By Stacey Askew
Biz & Tech Editor
I‘ve been faking it.
For the last four months, I’ve been in charge of this section, the technology part of which I had very limited knowledge. But that has changed.
The fruits of my labour into the tech world have yielded these Christmas/Hanukkah/Eid electronic gift ideas — with a little help from those who are closer to being experts.
In no particular order — I’m indecisive like that — here are my top picks: For the gamer wannabe, Wii. As Globe and Mail technology editor, Michael Snider, put it, “Families love it. You know how families used to huddle around the kitchen table with board games, now they huddle around Wii.”
My family doesn’t have one. I played it once (I want one, if a secret admire feels like splurging). If you’ve got $270 to $490, I recommend it for, well, anyone. This advice is so worth my pay.
For the digital artist. Get a digital Single lense reflex cameras (SLR’s). A decent one is under $1,000 — one of our photo editors recommended Rebel XTI or D40X, both go for $799.99. And unlike those ‘normal’ digital cameras, a SLR’s got timelessness.
“People look at digital SLR’s like they’re going to last for five or 10 years, compared to a digital with 5MB [which is old in a years time],” Snider said.
For the couch potatoes — HDTV flat panel television screens. According to Rob Pegoraro, Washington Posts personal technology columnist, “[they’ve] gotten so much cheaper than a year ago … and they’re kinda neat.”
Final recommendation: the Amazon Kindle. It’s an electronic book, or, in laymans terms, an iPod for books.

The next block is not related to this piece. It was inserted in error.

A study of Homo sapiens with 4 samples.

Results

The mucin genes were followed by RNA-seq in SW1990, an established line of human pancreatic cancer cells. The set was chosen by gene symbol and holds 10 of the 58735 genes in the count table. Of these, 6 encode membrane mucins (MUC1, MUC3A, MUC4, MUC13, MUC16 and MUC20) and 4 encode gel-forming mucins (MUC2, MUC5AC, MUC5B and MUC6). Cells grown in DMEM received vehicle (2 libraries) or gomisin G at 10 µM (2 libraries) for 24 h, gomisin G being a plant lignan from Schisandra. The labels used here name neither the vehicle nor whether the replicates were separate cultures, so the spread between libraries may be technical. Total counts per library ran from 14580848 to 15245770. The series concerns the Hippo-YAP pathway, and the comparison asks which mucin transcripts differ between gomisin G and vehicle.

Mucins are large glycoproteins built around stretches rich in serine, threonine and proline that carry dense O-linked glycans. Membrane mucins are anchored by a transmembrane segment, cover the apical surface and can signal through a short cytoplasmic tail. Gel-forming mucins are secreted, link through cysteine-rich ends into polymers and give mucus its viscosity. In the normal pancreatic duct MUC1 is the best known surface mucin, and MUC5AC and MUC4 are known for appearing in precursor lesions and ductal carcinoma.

Unfortunately it’s looking like a repeat of the iPhone debacle — and may not reach Canada for a little while.
With a price close to that of a video iPod, $399, it’s up to you whether paying half price for an electronic novel that’ll come to you on a square piece of plastic is worth it.
New releases cost $10 and older novels, magazines, blogs and newspapers can also be purchased.
All are available wirelessly or can be added to your systtem via a computer connection. A call to Amazon to inquire about its Canadian potential garnered no response.
In the United States the console can also be used to search the web, receive e-mails to an address supplied with the console and receive free “trial” paper and magazine subscriptions. Surprise, surprise — it’s sold out.
But orders are being taken. When I first read about it — it seemed like a stupid idea. I normally get eyestrain from a computer in a matter of hours, I wasn’t looking for that added joy in novels. But it uses a screen that is supposedly not like a computers. It’s even shaped to feel like a folded novel. They’ve thought of everything. If there is one thing about technology I’ve learned, it’s that it is possibly the least predictable field out there.
Technology is full of twists — which kind of sucks when you don’t know all the basics — but I’m getting there. Btw, I’m not biz and tech editor next semester. Thanks for reading.